Cruz returning to Senate, but O’Rourke’s future is less clear
EL PASO, Texas (AP) — Republican Ted Cruz is returning to the Senate, scuffed by a surprisingly close race but still President Donald Trump’s take-no-prisoners defender on the hard right in Texas.
His own White House ambitions remain intact, too.
What’s next for Rep. Beto O’Rourke is less clear. His loss deflated supercharged Democrats across the U.S. who barreled full steam into an against-all-odds bid to finally tilt Texas in their direction, but they came up short.
With more than 8 million votes cast in Texas — turnout typically only seen in presidential years — O’Rourke ended Tuesday night within 3 points. It was the closest finish in a Texas Senate race in 40 years.
On live television, O’Rourke didn’t go quietly into defeat, letting rip the kind of casual swearing that freckled an unorthodox campaign that shunned strategists, pollsters and big money from political action committees.
“All of you, showing the country how you do this. I’m so f---ing proud of you guys,” O’Rourke told supporters at his election party in his native El Paso.
It was a bad night on the Senate map overall for Democrats, who were poised to retake the House but couldn’t make a dent in the GOP majority in the other chamber.
Cruz began the race as Texas’ most-powerful and popular Republican. But he needed a boost from Trump to win re-election over a previously little-known congressman and former punk rocker from West Texas who, even in defeat, is now one of Democrats’ brightest up-and-coming stars.
The race was never supposed to be this close in America’s largest red state but laid bare how Cruz’s 2016 clashes with Trump alienated much of his conservative base — and how the president remains popular enough to get supporters to coalesce around him.
The results broke as expected. White voters favored Cruz over O’Rourke, including those with and without a college degree, according to AP VoteCast, a wide-ranging survey of the electorate in Texas.
O’Rourke had a sizable advantage among black voters and also was preferred among Hispanic voters, who historically have voted in low numbers but who O’Rourke needed to have a shot. Younger voters also backed him.
“I don’t think Texas will ever be a swing state. It’s always going to be red. We got a scare,” said Asher Warriach, 23, a student at the University of Houston who attended Cruz’s victory party. “This time around, we had to work really hard to win. But at the end of the day we won. Texas is going to stay red.”
Cruz turned back O’Rourke with the help of Trump, his bitter rival in 2016. Trump took the unexpected step of traveling to reliably Republican Texas during crunch time, staging a Houston rally to energize his base for Cruz just two weeks before Election Day. The president praised the senator as “beautiful” and smart, a far cry from two years ago when he repeatedly mocked Cruz as “Lyin’ Ted,” made fun of his wife’s appearance and suggested that Cruz’s Cuban-born father had a hand in the assassination of John F. Kennedy.
With the win, Cruz kept alive his hopes of mounting a second presidential run once Trump leaves the White House.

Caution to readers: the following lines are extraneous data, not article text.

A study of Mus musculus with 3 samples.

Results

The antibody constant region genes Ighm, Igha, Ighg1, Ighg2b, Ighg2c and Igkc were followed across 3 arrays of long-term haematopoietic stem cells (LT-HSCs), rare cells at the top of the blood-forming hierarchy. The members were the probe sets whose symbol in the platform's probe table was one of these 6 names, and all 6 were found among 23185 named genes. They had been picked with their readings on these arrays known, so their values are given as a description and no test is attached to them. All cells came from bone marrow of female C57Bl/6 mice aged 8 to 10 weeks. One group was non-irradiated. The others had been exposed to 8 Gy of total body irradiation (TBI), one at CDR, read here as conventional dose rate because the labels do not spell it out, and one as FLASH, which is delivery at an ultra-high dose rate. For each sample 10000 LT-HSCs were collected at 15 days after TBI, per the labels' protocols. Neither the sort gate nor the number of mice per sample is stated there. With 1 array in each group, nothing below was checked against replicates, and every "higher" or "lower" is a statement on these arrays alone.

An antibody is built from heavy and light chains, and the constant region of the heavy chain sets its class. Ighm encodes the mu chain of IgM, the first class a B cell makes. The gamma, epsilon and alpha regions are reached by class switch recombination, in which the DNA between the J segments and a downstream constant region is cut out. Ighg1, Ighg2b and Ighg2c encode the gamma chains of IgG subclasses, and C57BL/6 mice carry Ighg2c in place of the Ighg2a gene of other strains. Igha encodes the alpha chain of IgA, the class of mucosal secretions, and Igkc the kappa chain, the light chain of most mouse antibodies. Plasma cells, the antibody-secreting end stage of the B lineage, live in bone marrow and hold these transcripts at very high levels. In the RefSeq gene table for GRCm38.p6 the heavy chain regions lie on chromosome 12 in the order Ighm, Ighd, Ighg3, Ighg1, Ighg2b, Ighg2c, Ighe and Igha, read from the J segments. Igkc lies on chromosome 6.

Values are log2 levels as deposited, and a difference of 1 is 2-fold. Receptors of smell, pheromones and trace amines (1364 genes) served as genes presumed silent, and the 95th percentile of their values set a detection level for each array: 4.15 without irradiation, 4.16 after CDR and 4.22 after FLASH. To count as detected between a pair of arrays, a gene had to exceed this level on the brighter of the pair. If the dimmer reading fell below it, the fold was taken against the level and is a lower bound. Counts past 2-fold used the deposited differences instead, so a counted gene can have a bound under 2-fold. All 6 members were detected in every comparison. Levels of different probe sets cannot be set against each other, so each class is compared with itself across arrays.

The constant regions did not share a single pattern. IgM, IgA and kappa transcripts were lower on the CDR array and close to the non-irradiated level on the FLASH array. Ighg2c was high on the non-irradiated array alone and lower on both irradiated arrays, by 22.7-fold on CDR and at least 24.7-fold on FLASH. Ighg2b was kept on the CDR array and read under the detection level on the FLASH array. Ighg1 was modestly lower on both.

In his victory speech, Cruz said his win affirmed that he won the “battle of ideas” against O’Rourke over such issues as taxes, regulation and jobs.
“All the money in the world wasn’t a match for the good people of Texas,” he said, while also acknowledging that millions of people across the state were inspired by O’Rourke’s campaign.
O’Rourke grabbed glowing national headlines by visiting all 254 Texas counties and often drawing large crowds — even in fiercely conservative areas other Democrats had long since written off. He raked in donations from across the country and even set a record for Senate campaign fundraising by collecting more than $38 million in the three-month period from July through September.
O’Rourke even got an unexpected boost from Beyonce as the Houston native posted pictures of herself wearing a Beto baseball cap on Instagram mere hours before the polls closed.
Cruz had the support of outside groups but was still being outraised 3-to-1 by the end of the race — a discrepancy he dismissed by saying the “hard left” was energized by outrage at Trump and “Texas will not be bought.”
For months, Cruz refused to entertain the notion that he’d lose, saying there are more Republicans in Texas than Democrats, so all he had to do to win was avoid conservative complacency. He also said O’Rourke’s support for impeaching Trump, relaxing federal immigration policy, decriminalizing marijuana and implementing universal health care were too liberal for even many of the state’s moderate Democrats and independents.
Cruz, 47, made no secret about wanting to run for president again once Trump leaves office. And though he was tested by O’Rourke, avoiding what would have been a monumental upset means that remains a possibility. O’Rourke himself had been mentioned as a possible 2020 White House contender — but that was dependent on him staying within striking distance of Cruz.
O’Rourke himself had been mentioned as a possible 2020 White House contender — and losing by only about 3 percentage points may be respectable enough to keep that notion intact.
O’Rourke has said he has no plans for a White House run but urged supporters on Tuesday night not to let the excitement of the campaign fade away, adding “we’ll see you down the road.”